Although they are the same language, British and American English have some major differences. Even though both are acceptable on the IELTS test, it can be confusing and overwhelming when learning English. Here are some of the more common differences between British and American English.

Vocabulary

British and American English have evolved quite differently, especially in terms of vocabulary. This is because vocabulary used in British English is derived from different languages than vocabulary used in American English. Although there are a large number of words that are exactly the same, many words are completely different.

Clothes

British American
trousers pants
trainers sneakers
jumper sweater
dungarees overalls
nappy diaper


Food

British American
chips french fries
aubergine eggplant
biscuit cookie
candy floss cotton candy
maise corn


School

British American
full stop period
maths math
rubber eraser
plaster band-aid
loo bathroom


Homes

British American
flat apartment
lift elevator
washbasin sink
wardrobe  closet
torch flashlight


Cars

British American
lorry truck
windscreen windshield
bonnet hood
boot trunk
indicator blinker


Spelling

The spelling of words can also be different in British and American English. This can also be due to the languages the words were adopted from. Also, words used in American English tend to be spelled the way they sound. It is also said that vocabulary used in American English was spelled differently to gain some independence.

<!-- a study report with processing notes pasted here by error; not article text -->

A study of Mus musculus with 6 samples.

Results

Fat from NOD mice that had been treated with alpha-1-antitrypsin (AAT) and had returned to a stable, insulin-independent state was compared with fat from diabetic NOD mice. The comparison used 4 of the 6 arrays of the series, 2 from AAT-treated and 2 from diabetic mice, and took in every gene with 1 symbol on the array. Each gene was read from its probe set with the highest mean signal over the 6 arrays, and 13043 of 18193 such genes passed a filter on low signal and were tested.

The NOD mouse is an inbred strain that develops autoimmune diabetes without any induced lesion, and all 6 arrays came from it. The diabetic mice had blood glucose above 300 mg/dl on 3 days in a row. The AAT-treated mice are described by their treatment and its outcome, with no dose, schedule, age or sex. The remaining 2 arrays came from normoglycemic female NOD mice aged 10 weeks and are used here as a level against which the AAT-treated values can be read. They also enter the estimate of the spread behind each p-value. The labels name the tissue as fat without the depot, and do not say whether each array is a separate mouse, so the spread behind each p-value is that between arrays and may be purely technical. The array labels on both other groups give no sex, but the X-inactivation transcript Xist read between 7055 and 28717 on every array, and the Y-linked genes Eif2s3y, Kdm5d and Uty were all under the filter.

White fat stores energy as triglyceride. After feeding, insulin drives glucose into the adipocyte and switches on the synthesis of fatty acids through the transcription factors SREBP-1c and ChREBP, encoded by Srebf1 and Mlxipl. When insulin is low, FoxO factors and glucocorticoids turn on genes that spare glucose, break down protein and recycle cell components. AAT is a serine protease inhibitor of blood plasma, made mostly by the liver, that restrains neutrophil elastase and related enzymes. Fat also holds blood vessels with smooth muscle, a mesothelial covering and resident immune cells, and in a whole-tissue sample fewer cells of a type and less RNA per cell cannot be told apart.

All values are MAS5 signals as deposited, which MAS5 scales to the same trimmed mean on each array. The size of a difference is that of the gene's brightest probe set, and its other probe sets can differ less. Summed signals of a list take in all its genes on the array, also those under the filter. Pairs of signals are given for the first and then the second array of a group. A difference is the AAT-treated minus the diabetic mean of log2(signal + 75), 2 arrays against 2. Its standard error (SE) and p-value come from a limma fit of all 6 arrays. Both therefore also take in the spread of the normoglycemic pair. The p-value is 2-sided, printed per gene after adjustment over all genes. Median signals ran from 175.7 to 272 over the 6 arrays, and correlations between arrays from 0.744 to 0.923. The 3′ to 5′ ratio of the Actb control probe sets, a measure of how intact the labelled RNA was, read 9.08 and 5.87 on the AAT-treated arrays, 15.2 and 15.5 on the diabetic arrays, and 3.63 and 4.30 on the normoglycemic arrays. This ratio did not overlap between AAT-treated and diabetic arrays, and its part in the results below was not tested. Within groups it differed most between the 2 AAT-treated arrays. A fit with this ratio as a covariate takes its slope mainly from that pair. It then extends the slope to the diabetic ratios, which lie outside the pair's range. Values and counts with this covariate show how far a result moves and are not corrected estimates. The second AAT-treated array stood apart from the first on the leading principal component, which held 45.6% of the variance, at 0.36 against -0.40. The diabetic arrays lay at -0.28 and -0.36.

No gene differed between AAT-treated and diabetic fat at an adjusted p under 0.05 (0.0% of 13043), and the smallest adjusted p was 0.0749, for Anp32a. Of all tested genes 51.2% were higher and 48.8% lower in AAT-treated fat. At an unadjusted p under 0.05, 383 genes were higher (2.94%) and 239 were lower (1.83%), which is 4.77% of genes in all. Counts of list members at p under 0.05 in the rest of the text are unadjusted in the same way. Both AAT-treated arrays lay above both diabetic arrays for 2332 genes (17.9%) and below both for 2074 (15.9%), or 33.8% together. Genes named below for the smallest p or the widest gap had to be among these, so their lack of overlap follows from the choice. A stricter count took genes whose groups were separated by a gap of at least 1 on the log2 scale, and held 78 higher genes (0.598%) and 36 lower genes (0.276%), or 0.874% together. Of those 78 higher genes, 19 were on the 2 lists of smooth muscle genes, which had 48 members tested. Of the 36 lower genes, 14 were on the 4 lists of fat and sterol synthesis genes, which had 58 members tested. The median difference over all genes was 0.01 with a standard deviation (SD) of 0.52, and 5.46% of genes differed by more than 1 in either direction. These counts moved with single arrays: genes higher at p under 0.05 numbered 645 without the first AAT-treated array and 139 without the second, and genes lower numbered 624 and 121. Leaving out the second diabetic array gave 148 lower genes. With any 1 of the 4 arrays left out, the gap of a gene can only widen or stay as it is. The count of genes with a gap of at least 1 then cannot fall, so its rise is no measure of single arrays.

-RE/-ER

British American
centre center
metre meter
litre liter
theatre theater
fibre fiber


-OUR/-OR

British American
colour color
neighbour neighbor
favourite favorite
humour humor
labour labor


-SE/-ZE

British American
apologise apologize
realise realize
memorise memorize
organise organize
specialise specialize


-LL/-L

British American
traveller traveler
signalling signaling
modelling modeling


-T/-ED

British American
dreamt dreamed
learnt learned
burnt burned


Grammar

There are also some differences in grammar. These differences may not be as noticeable as the vocabulary and may be easier to understand.

Shall

British American
Shall we go to the theatre now?

Should we go to the theater now?
OR
Would you like to go to the theater now?


Got/Gotten

British American
Has he got the papers yet?

Has he gotten the papers yet?


Collective Nouns + is/are

British American
The Team are playing a game tomorrow night.

The team is playing a game tomorrow night.


Prepositions

British American
What do you do at the weekend?

I live in that street.

What do you do on the weekend?

I live on that street.


Needn't

British American
She needn't come to the party.

She doesn't need to come to the party.

US vs UK Speech bubbles

Though there looks to be many differences between British and American English, there are even more similarities. Both forms of vocabulary, spelling, and grammar are accepted on the IELTS test so there is no need to worry. It may be useful to know some vocabulary from both British and American English because either could be used throughout the test. Whatever you use, make sure you know how to spell the word and use it in a grammatically correct sentence.